Mexico and Central America
In Mexico, the number of homicides has been increasing since 2015. One of the reasons can be traced back to 2006, when the government deployed armed forces to combat drug cartels in the national territory. However, those attempts have often proved ineffective, and sometimes counterproductive, causing a surge of violent occurrences in some areas, instead of preventing them. In recent years, violence and homicide have had a great impact on the Mexican economy; the cost of preventing and containing violence per capita can be five times the average wage of a Mexican worker. In 2018, some of the Mexican states with the highest number of homicides were Guanajuato and Baja California, with this type of violence mostly occurring in the country's urban centers.
In the case of Central America, even though many of these countries usually top the regional homicide rankings, there have been efforts to improve the fight against violent crime in the past few years, such as anti-gang measures. It is difficult to say whether these actions have proved effective, but recent data shows a considerable fall of the murder rate in the Northern Triangle of Central America, namely Guatemala, El Salvador, and Honduras. In El Salvador, the number of homicides every 100,000 people has been reduced by more than half since 2015. A similar decline in the homicide rate has been identified in Honduras, once described as the “world’s most murderous country”, and in Guatemala in the last years. All the while, this seemingly positive tendency has occurred alongside the immense exodus of migrants escaping these countries’ fragile economies and rule of law, aiming for Mexico and, ultimately, the United States.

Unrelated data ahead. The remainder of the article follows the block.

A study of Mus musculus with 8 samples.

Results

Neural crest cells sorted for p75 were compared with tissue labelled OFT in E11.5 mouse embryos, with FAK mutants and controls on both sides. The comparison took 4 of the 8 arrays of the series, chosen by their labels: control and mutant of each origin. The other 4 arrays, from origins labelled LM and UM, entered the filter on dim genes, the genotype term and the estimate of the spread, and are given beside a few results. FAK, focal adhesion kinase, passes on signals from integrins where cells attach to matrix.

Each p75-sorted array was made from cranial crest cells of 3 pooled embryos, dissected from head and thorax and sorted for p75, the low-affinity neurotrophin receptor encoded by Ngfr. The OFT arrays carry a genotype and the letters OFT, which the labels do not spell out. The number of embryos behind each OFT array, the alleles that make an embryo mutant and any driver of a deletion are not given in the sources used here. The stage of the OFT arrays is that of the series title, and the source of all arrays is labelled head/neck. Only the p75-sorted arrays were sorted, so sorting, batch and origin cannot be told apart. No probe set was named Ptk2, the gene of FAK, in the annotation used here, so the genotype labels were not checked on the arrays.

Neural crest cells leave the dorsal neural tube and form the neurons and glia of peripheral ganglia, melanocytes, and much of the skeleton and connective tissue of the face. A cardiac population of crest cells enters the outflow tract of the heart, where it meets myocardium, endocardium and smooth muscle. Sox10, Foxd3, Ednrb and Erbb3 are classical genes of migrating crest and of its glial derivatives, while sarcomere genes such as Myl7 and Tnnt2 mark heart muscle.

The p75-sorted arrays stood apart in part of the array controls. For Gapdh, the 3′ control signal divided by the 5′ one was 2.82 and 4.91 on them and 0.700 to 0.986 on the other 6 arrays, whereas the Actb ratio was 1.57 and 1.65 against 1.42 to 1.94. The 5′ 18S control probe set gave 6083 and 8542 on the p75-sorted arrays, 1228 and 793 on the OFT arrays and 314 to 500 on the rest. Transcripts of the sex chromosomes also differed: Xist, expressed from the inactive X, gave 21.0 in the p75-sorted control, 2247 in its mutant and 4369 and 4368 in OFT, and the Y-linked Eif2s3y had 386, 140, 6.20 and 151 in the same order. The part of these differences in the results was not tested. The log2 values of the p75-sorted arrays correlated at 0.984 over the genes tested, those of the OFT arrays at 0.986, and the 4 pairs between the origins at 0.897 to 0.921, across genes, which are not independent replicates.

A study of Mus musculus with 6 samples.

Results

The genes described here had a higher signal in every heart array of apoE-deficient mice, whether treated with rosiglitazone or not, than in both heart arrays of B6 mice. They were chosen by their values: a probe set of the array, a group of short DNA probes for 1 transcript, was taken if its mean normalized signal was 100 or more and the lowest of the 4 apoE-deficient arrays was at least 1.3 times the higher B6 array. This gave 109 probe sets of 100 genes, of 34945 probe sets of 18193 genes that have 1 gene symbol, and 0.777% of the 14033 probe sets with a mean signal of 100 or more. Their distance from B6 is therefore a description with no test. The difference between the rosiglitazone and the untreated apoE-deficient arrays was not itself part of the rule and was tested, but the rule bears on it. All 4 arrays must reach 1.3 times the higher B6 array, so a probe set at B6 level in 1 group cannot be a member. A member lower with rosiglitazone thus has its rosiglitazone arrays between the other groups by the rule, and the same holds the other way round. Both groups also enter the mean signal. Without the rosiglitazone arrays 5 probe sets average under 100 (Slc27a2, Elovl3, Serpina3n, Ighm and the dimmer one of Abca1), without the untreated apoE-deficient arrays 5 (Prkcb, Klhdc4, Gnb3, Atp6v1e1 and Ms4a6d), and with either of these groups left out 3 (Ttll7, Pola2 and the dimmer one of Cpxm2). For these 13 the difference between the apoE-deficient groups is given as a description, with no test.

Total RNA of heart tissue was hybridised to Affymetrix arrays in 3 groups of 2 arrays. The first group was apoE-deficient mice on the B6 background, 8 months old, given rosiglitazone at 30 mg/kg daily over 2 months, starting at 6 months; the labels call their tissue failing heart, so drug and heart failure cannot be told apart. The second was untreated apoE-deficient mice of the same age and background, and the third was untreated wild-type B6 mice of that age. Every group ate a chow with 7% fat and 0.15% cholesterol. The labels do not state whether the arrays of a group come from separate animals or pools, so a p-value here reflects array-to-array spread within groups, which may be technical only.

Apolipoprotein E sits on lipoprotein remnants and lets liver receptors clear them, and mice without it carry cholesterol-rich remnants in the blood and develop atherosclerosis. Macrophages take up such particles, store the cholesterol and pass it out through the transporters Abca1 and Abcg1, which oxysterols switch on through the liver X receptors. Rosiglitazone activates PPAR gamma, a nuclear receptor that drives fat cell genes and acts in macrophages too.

In 2018, Jamaica, Trinidad and Tobago, Puerto Rico and the Dominican Republic registered some of the highest homicide rates in the whole Latin American and Caribbean region. It was estimated that more than 43 people every 100,000 inhabitants were murdered in the Puerto Rican capital every year, whereas Port-au-Prince, the capital of Haiti, was among the Caribbean cities with the highest number of murder victims. In the Dominican Republic, the most unsafe regions based on number of homicides in 2018 were the province of Santo Domingo, followed by the province of Santiago and the country's capital, Santo Domingo City.
Venezuela is, without a doubt, the country that is worse-off among all its South American neighbors, at least when it comes to crime rates. The country has been through years of political and economic turmoil, mostly since 2013, when Nicolás Maduro succeeded Hugo Chávez as president. Lately, crime in Venezuela has intensified due to the population’s increasingly unmet needs, whereby basic goods and services such as food, water or electricity are not always available. From 2014 to 2018, the homicide rates in Venezuela greatly fluctuated. Regarding the most dangerous cities in the country, Caracas and Guayana were the ones with the highest number of murder victims in 2018.
Another South American country facing considerable crime and violence problems is Brazil. Almost ten percent of the country’s population, roughly 20 million people, live below the poverty line. In the past years, the Northeast region of Brazil had the highest number of homicides, followed by the Southeast and the North region. In 2018, Natal and Fortaleza were the cities with the highest homicide rates.
The situation is also serious in Colombia, where the number of homicide victims has been well over 10,000 per year since 2015. As in most of Latin America, the largest number of homicides in Colombia usually occur in large cities, while murder rates in rural areas are often low.